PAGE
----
Monday, March 6, 2023, 4:00 pm – 5:30 pm

The De- and Re-Democratization Workgroup of the CEU Democracy Institute cordially invites you to its next Rooftop Seminar.

If you would like to attend, please register here.

Please keep in mind that external guests will not be able to enter the building without prior registration.

Public opinion under communism is a paradox. It has generally been regarded as suppressed, if not inexistent because of the striking lack of a public sphere of civil society. At the same time, the sudden rebirth of sociology and, with it, the rise in public opinion research in Cold War Poland has been celebrated as an important breakthrough for the evolution of the discipline. It was a crucial stimulus for political relaxation also manifested through intense exchanges with US-American institutions and scholars like Paul Lazarsfeld. However, this unexpected freedom of Polish sociologists and social psychologists raises questions regarding the interests of state actors and patronage-systems operating behind the scenes in Poland and the US. 

This paper re-centers the analysis to the dynamic of mutual monitoring, imitation and surveillance practices between the antagonistic systems. The social laboratory emerges thereby as a crucial place equally suited for surveillance and the study and implementation of social change. Furthermore, the author makes the claim that Polish opinion research also inherited from the West the idea of propaganda and surveillance as linked to it from the outset blurring the line between authoritarian and democratic systems. The paper argues for the necessity to place these transnational scientific exchanges in the context of the genesis of mass communication, propaganda, and public opinion research in the United States. It looks at the transsystemic spread of this Cold War knowledge regime characterized by (neo-)positivistic premises for the calculation and prediction of human action and attitudes including its strategies to cope with the unknown, unpredictable, and uncertain. In so doing, it analyses the equal use of opinion research by the state, the surveillance apparatus, the Polish political opposition, and social scientists.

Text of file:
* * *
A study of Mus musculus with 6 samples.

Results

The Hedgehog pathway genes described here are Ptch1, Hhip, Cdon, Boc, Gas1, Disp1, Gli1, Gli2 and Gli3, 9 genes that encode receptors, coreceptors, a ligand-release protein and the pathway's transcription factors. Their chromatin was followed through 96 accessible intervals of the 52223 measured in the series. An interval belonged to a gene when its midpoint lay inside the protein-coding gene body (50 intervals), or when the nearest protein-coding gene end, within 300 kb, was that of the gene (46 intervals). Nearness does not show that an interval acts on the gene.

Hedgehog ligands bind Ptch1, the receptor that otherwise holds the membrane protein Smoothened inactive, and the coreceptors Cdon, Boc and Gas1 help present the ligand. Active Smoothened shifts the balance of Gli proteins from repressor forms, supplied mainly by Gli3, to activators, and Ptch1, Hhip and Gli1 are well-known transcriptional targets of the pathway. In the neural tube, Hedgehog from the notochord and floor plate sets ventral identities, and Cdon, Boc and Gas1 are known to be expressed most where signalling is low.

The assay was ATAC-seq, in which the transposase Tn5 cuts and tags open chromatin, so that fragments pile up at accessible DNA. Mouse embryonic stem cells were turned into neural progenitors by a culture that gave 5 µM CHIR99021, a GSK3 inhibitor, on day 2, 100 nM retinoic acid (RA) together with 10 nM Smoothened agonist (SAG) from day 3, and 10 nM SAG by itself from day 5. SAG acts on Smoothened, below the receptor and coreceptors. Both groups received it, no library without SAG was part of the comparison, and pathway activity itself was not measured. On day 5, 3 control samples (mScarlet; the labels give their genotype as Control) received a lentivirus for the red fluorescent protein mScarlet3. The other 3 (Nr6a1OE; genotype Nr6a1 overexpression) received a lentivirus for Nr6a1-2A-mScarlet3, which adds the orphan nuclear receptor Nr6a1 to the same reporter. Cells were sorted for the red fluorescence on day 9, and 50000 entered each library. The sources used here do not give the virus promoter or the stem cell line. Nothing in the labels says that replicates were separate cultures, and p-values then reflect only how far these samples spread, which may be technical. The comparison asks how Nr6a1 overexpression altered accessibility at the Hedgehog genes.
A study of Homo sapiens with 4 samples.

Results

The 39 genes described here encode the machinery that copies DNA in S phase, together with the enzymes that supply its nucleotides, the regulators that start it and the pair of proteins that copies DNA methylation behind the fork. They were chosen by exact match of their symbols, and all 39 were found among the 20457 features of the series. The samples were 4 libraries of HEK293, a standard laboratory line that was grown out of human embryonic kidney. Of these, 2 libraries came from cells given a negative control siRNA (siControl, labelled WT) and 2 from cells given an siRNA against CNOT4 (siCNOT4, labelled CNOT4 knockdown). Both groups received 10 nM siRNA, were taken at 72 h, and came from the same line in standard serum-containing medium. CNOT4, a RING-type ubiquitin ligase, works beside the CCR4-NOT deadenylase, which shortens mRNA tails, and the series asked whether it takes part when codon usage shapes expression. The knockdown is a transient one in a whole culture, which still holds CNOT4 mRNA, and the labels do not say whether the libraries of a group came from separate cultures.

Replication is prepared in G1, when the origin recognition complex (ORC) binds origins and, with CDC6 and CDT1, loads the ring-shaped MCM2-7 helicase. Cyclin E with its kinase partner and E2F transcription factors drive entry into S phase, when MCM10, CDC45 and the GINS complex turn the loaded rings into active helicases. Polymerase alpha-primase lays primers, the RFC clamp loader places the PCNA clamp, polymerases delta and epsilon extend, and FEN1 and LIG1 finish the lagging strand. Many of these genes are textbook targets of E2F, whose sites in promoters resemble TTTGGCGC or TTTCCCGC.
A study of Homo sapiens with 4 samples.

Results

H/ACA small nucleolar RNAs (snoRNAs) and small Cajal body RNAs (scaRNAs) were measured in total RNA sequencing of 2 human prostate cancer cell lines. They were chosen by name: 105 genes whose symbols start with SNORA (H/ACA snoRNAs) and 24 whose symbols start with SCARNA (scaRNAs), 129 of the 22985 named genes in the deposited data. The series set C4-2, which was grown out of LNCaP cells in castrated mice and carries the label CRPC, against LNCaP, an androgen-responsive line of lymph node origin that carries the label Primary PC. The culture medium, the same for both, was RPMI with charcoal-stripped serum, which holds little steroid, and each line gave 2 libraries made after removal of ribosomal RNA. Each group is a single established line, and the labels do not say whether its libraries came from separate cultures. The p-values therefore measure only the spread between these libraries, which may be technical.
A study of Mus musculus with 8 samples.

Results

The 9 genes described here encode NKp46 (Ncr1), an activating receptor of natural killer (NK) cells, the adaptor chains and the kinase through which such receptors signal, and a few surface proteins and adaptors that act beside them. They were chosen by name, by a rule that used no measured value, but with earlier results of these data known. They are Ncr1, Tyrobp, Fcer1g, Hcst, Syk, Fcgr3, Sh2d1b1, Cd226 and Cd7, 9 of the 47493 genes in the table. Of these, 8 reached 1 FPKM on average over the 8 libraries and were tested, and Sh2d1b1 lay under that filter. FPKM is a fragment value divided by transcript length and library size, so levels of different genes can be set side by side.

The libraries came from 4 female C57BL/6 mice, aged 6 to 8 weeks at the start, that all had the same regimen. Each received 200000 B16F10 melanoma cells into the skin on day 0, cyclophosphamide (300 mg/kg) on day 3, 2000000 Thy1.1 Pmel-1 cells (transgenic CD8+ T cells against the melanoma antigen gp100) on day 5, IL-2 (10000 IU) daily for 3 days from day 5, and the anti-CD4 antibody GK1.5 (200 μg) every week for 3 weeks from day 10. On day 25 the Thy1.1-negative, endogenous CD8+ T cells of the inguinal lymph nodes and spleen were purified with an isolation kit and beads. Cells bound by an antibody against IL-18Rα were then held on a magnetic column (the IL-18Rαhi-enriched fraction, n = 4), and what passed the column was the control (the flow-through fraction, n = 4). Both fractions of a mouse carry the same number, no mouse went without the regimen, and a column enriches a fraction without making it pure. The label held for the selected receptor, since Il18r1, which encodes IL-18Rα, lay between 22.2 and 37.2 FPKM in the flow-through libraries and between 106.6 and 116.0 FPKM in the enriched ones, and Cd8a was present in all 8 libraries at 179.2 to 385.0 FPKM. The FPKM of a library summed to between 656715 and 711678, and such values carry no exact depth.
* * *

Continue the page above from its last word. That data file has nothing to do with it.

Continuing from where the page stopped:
The paper is available at request from the author.


Anna Eva Grutza is an OSUN Doctoral Fellow at the CEU Democracy Institute, and a PhD Candidate in Comparative History at CEU. In her dissertation she focuses on Cold War truth regimes, questions of epistemology, subjectivity and objectivity in relation to the work of Radio Free Europe. She investigates how Cold War information analysis dealt with error, ignorance and unreliability by tracing the term ‘paranoia’ as an epistemic criterion, its ways of shaping possibilities of knowledge, and its feedback processes upon scientific and political discourses. She works on the intersection between the history of Cold War social sciences and that of everyday life. She regards the problematic of ‘paranoia’ as being indicative of a particular Cold War irrationality.


Matthias Duller is a historical sociologist and a recipient of an APART-GSK Fellowship of the Austrian Academy of Sciences in the Department of History at Central European University. His research has focused on the institutional and political history of the social sciences in Cold War Europe, comparing developments East and West of the Iron Curtain. His current habilitation project studies the effects of American fellowship programs for social scientists from Communist Eastern Europe from the 1950s to the 1980s.


Zsolt Enyedi is a Senior Research Fellow at the CEU Democracy Institute, and Professor at the CEU Department of Political Science. He studied comparative social sciences, history, sociology and political science in Budapest and Amsterdam. The focus of his research interests is on party politics, comparative government, church and state relations, and political psychology (especially authoritarianism, prejudices and political tolerance). His articles appeared in journals such as Political Psychology, European Journal of Political Research, Political Studies, West European Politics, Party Politics, Political Studies, Europe-Asia Studies, Problems of Post-Communism, Journal of Ideologies or European Review. He was the 2003 recipient of the Rudolf Wildenmann Prize and the 2004 winner of the Bibo Award. His most recent book, Party System Closure, co-authored with Fernando Casal Bertoa, was published by Oxford University Press in 2021.